Star Wars: Episode VIII The Last Jedi has only been out for little over a week and its left fans more divided than ever with its different portrayal of Luke Skywalker and its Guardians of the Galaxy-style humor. But as it turns out, it isn't the first Star Wars film to leave a bad taste in fans' mouths.
Starlog was the premiere science fiction magazine of the 1980s, originally covering Star Trek and growing to encompass all of sci-fi. Its May 1980 issue published a letters column giving fans an outlet to praise or criticize Star Wars: Episode V The Empire Strikes Back. Luckily for us, Archive.org has a collection of Starlog issues to give us a glimpse into reactions to the film.
Like in The Last Jedi, Empire fans were skeptical about family tree reveals. Robert L. Beedy-Scarola said:
Is Luke related to Vader? Most think so now that Vader came right out and said it. Well, I say, do you believe everything you hear? Vader may have lied just to enlist Luke to his side. Vader would then dispose of Luke once he got what he wanted.
Fans also believed that Empire left too many questions unanswered. Sean Bernard said:
I know they wanted to leave something to settle in the other sequels, but they left a little too much. For instance, Han Solo's predicament. The movie should not have ended until Han was either killed by Boba Fett or Jabba or rescued by Lando Calrissian or Chewbacca, the former, preferably. Also, the fate of Bespin is not told. Was it taken by Lando's troops, taken by Imperial troops or destroyed by Vader? I like Lando Calrissian and Billy Dee Williams was very good playing the part.
Fans speculated about who Yoda's other student could have been. Arlene Bahrenburg said:
And, one of the biggest questions in my mind is who is Yoda's "other" student? Could it possibly be a girl — a love interest for Luke? I have 1,095 days in which to draw my own conclusions.
While Bill Smith said:
Could it be Vader himself? Considering that there was an equilibrium of power between the good and dark sides of the Force, it would not be impossible to turn Vader into the antithesis of what he is now, especially if Luke (who, except for Yoda may be the most powerful member of the good side of the Force) is truly his son.
Keith Hoffman said:
I suggest Princess Leia. She is young enough for the training; she withstood Darth Vader's tortures; she is dedicated to the cause; Princess Leia, not Lando, "heard" Luke's cries for help; Han Solo is not in shape to be going anywhere for awhile and he is too old. I wouldn't be surprised if in the third film, Leia, instead of Luke, destroys the Emperor. Of course, it will be the year 2000 before we find out.
Fans were also torn about potential love interests in the movie.
C'mon Leia, why don't you take a look around? Can't you see what Luke is up against? You could have a "nice guy" like him. Instead, you are turning your back on him. Forget that it was Luke that saved you from having your atoms scattered throughout the galaxy. Forget that it was Luke, and not Han Solo, that wanted you rescued from the Death Star detention area. But you don't need to remember all that, Leia. As long as hot-lips Han is around, who needs Luke anyway?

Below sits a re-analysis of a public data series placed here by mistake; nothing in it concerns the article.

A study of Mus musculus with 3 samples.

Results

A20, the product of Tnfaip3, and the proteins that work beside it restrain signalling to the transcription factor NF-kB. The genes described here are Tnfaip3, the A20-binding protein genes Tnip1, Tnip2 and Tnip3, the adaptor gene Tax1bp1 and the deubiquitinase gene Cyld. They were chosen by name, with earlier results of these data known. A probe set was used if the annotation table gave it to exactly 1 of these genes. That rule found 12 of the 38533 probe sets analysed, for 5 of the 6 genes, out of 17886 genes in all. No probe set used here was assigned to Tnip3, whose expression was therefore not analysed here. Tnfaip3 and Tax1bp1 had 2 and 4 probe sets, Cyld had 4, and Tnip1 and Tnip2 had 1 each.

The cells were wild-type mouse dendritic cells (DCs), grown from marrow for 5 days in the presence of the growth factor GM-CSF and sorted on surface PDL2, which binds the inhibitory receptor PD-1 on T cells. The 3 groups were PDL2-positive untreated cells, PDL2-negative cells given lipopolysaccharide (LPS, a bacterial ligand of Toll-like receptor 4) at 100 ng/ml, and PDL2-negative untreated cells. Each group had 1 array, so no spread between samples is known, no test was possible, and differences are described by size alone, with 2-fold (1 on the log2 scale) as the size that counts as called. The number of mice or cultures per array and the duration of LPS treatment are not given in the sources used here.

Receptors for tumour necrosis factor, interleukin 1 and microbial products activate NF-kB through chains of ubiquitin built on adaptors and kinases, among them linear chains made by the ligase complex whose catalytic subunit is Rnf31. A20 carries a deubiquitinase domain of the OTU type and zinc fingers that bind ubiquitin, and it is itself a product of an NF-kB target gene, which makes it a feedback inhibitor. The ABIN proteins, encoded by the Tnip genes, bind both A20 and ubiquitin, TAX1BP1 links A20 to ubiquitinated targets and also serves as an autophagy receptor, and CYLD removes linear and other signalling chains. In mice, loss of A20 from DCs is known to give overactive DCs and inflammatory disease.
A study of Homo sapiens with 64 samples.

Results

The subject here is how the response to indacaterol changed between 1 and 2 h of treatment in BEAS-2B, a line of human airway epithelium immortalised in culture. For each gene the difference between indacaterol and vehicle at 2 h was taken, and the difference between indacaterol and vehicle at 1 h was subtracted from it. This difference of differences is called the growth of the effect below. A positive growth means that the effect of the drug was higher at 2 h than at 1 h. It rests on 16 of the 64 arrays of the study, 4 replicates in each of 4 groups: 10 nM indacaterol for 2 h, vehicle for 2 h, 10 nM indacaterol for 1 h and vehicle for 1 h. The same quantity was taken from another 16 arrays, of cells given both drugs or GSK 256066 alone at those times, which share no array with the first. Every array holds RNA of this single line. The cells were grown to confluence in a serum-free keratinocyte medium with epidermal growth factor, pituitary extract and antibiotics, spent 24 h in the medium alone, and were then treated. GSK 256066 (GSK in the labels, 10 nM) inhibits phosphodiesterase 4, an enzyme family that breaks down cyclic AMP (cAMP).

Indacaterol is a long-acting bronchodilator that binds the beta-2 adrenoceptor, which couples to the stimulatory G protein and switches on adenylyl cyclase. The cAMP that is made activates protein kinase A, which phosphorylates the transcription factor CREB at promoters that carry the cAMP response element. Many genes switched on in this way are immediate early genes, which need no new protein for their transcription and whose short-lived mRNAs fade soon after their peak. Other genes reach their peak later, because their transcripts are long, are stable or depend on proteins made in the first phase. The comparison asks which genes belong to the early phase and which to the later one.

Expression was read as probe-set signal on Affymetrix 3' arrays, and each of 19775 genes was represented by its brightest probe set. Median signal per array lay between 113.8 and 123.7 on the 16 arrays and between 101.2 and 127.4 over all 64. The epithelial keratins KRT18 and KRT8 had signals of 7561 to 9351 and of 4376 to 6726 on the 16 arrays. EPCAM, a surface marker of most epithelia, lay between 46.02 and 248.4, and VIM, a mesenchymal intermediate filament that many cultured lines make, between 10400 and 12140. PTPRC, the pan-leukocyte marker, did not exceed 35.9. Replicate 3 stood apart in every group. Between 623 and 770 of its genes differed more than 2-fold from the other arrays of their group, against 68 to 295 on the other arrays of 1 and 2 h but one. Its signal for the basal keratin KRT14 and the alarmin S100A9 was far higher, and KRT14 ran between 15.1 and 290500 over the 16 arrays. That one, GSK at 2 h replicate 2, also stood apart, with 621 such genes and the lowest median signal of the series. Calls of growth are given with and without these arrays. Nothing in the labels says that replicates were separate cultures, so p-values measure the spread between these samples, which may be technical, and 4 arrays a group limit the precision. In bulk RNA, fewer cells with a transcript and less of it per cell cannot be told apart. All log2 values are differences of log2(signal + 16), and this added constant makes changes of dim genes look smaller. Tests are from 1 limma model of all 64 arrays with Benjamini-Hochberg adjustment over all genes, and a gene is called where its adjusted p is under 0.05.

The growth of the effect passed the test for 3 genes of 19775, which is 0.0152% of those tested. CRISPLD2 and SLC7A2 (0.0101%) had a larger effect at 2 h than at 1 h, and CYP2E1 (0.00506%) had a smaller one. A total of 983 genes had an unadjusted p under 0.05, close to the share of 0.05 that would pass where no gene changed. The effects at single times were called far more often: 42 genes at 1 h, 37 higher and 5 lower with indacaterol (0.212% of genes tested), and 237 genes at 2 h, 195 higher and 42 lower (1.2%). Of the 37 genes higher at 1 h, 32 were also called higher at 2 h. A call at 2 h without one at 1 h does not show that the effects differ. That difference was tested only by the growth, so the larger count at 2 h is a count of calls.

Empire fans couldn't agree on the "I know" line either. Jeannette Vogelpohl said:
Somebody should tell Harrison Ford that when a woman tells a man, "I love you," "I know" is not an acceptable response. That scene was not funny, it was infuriating.
Nancy Savula said:
Empire Strikes Back is fantastic. The special effects are superb. And Han Solo's "I know" is the best line since Rhett Butler's "My dear, I don't give a damn." I love it.
Starlog staff writer David Gerrold gave his own criticism of the movie in a review titled Empire Strikes Out. Despite the headline, he didn't hate the movie, but just thought that it was okay.
I liked it. I really did. I just didn't like it enough.
Just about every other critic in the country has been telling you how good the picture is; they've been falling over themselves to tell you. It's embarrassing. I feel guilty for not liking it as much as I'm supposed to.
His initial criticisms are based around hard science fiction inaccuracies, which given we now know Star Wars isn't hard sci-fi, are easy to ignore. But his criticism of the film's story structure mirror that of The Last Jedi.
Structurally, the film is flawed by its need to imitate its predecessor's "formula" of fast-paced cross-cutting. We cut back and forth between Luke and Yoda on Dagobah and Leia and Han in the asteroids, and the time sense of both sets of events is distorted. How long were Han and Leia fleeing? How long is Luke studying?
How long was Rey training with Luke on Ahch-To? Is it comparable to the time spent by the Resistance fleeing from the Empire? We're not sure, but given Empire's Rotten Tomatoes score of 94%, we're willing to bet that in a few years, watched through nostalgia-glasses, The Last Jedi will hold up.
One thing all Star Wars can agree on though is the worry that comes with a J.J. Abrams-helmed Episode IX.